Young Folks Treasury, Volume 3 (of 12) eBook

This eBook from the Gutenberg Project consists of approximately 542 pages of information about Young Folks Treasury, Volume 3 (of 12).

The poor porter was frightened at first, for he thought some one might have overheard what he had been saying, but the servant took his arm and led him into the great dining-hall.  There were many guests seated round the table, on which was spread a most delicious feast, and at the head of the table sat a grave, stately old man with a long white beard.  This was Sindbad the Sailor.  He smiled kindly on poor frightened Hindbad, and made a sign that he should come and sit at his right hand.  Then all the most delicious things on the table were offered by the servants to Hindbad, and his glass was filled with the choicest wine, so that he began to feel it must all be a dream.

But when the feast was over Sindbad turned to him and asked him what it was he had been saying outside the window just before he came in.

Then Hindbad was very much ashamed, and hung his head as he answered:  “My lord, I was tired and ill-tempered, and I said foolish words, which I trust thou wilt now pardon.”

“Oh,” replied Sindbad, “I am not so unjust as to blame thee.  I am indeed only sorry for thee.  But thou wert wrong in thinking that I have always led an easy life, and that these riches came to me without trouble or suffering.  I have won them by years of toil and danger.”

Then turning to his other guests he said, “Yes, my friends, the tale of my adventures is enough to warn every one of you never to go in search of wealth.  I have never told you the story of my voyages, but if you will listen I will begin this very night.”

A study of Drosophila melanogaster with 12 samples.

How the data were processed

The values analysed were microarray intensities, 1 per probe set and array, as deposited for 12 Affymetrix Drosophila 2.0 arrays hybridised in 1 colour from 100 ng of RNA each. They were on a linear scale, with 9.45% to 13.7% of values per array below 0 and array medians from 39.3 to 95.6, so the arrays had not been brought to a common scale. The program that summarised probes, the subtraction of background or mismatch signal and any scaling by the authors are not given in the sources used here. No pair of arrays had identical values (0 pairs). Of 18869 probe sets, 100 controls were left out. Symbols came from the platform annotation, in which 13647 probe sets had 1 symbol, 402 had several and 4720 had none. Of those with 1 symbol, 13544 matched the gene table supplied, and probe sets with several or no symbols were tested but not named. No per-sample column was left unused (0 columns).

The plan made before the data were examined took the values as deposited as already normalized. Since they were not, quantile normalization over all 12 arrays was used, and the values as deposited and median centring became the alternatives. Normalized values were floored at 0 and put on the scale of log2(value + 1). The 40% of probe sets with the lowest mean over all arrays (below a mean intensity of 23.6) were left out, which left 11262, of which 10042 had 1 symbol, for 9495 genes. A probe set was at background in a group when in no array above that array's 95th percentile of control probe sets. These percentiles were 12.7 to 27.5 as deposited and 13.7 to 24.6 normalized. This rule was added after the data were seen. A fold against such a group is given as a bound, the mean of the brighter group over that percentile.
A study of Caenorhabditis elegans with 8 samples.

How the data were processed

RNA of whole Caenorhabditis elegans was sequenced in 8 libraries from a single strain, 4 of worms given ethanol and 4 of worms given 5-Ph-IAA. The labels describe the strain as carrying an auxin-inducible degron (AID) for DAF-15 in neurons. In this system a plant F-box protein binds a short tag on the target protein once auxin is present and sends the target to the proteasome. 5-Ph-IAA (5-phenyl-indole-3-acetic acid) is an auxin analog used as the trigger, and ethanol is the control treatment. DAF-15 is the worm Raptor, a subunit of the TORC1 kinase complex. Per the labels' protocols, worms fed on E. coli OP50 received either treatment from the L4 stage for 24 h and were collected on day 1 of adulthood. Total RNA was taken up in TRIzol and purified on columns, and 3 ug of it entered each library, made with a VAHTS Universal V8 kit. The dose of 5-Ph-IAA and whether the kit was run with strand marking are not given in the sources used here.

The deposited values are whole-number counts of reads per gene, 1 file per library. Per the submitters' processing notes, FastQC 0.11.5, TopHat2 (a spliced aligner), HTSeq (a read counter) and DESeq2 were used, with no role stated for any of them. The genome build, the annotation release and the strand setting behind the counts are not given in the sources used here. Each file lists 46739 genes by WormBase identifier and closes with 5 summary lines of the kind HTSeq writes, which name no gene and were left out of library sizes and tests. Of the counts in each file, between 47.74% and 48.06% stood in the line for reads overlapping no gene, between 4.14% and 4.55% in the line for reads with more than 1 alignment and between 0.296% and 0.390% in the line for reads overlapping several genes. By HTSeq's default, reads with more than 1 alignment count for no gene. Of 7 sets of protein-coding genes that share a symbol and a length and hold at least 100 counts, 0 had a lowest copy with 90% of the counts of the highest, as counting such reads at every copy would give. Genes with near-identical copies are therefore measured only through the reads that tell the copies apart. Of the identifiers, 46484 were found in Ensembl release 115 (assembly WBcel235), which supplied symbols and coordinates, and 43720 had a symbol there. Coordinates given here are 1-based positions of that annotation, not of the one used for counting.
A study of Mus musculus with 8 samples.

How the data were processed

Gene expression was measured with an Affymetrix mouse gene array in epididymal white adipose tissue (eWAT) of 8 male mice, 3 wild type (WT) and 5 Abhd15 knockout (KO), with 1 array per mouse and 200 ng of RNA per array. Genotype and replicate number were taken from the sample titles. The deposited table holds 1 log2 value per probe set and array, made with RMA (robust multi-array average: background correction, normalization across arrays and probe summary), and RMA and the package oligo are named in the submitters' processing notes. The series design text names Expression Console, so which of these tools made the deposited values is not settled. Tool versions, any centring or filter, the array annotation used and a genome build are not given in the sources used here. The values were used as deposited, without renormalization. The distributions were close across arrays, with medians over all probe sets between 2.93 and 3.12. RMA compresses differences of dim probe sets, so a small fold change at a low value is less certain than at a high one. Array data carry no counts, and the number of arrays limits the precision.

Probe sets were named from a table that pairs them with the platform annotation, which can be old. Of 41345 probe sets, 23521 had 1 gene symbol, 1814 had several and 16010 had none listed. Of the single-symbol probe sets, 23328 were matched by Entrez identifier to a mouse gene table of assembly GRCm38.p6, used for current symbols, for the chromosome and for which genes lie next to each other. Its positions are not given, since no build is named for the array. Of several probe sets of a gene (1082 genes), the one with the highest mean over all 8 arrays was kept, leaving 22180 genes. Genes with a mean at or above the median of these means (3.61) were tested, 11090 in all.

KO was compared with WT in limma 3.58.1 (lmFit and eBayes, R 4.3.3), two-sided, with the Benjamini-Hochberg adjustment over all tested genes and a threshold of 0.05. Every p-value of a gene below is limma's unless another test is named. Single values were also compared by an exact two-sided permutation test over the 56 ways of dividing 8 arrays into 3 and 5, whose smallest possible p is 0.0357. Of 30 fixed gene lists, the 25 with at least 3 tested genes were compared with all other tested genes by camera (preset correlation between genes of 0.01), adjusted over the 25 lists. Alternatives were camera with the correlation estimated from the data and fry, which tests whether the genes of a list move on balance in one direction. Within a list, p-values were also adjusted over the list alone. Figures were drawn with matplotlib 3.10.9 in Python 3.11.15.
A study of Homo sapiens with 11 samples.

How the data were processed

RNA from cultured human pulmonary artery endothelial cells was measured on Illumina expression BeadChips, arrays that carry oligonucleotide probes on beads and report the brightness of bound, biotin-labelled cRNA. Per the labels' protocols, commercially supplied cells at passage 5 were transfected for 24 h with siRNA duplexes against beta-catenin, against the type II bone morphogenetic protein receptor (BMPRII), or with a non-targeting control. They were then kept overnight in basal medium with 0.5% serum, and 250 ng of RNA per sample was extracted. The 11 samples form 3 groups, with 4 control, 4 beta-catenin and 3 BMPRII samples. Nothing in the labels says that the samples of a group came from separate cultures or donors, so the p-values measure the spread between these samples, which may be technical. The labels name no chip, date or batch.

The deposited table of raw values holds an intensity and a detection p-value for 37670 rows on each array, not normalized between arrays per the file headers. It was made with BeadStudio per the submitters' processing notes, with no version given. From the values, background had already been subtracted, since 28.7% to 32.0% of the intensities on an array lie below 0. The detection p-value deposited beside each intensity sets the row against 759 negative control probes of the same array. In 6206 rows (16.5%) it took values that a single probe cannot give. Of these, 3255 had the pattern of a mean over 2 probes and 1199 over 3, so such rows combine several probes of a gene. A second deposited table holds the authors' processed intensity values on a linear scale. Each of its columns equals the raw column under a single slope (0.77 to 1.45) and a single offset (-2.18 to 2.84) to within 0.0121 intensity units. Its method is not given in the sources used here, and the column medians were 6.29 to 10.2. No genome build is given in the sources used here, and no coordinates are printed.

So the servants were ordered to carry home the porter’s load, that he might stay in Sindbad’s palace that evening and listen to the story.

“My father left me a great deal of money when I was a young man, but I spent it so quickly and foolishly that I began to see it would soon all be gone.  This made me stop and think, for I did not like the idea of being poor.  So I counted up all the money that remained, and made up my mind that I would trade with it.  I joined a company of merchants, and we set sail in a good ship, meaning to go from place to place, and sell or exchange our goods at whatever towns we stopped.  And so began my first voyage.

“For the first few days I could think of nothing but the heaving of the waves; but by and by I began to feel better, and never again was I at all unhappy upon the sea.  One afternoon, when the wind had suddenly dropped and we were lying becalmed, we found ourselves near a little low green island, which looked like a meadow, and only just showed above the sea.  The captain of the ship gave us permission to land, and presently we were all enjoying ourselves on the green meadow.  We walked about for some time and then sat down to rest, and some of us set to work to light a fire, that we might make our evening meal.

“But scarcely had the fire begun to burn, when we heard loud shouts from the ship warning us to come back at once, for what we had taken to be an island was indeed the back of a sleeping whale.  My companions all rushed to the boats, but before I could follow them the great monster dived down and disappeared, leaving me struggling in the water.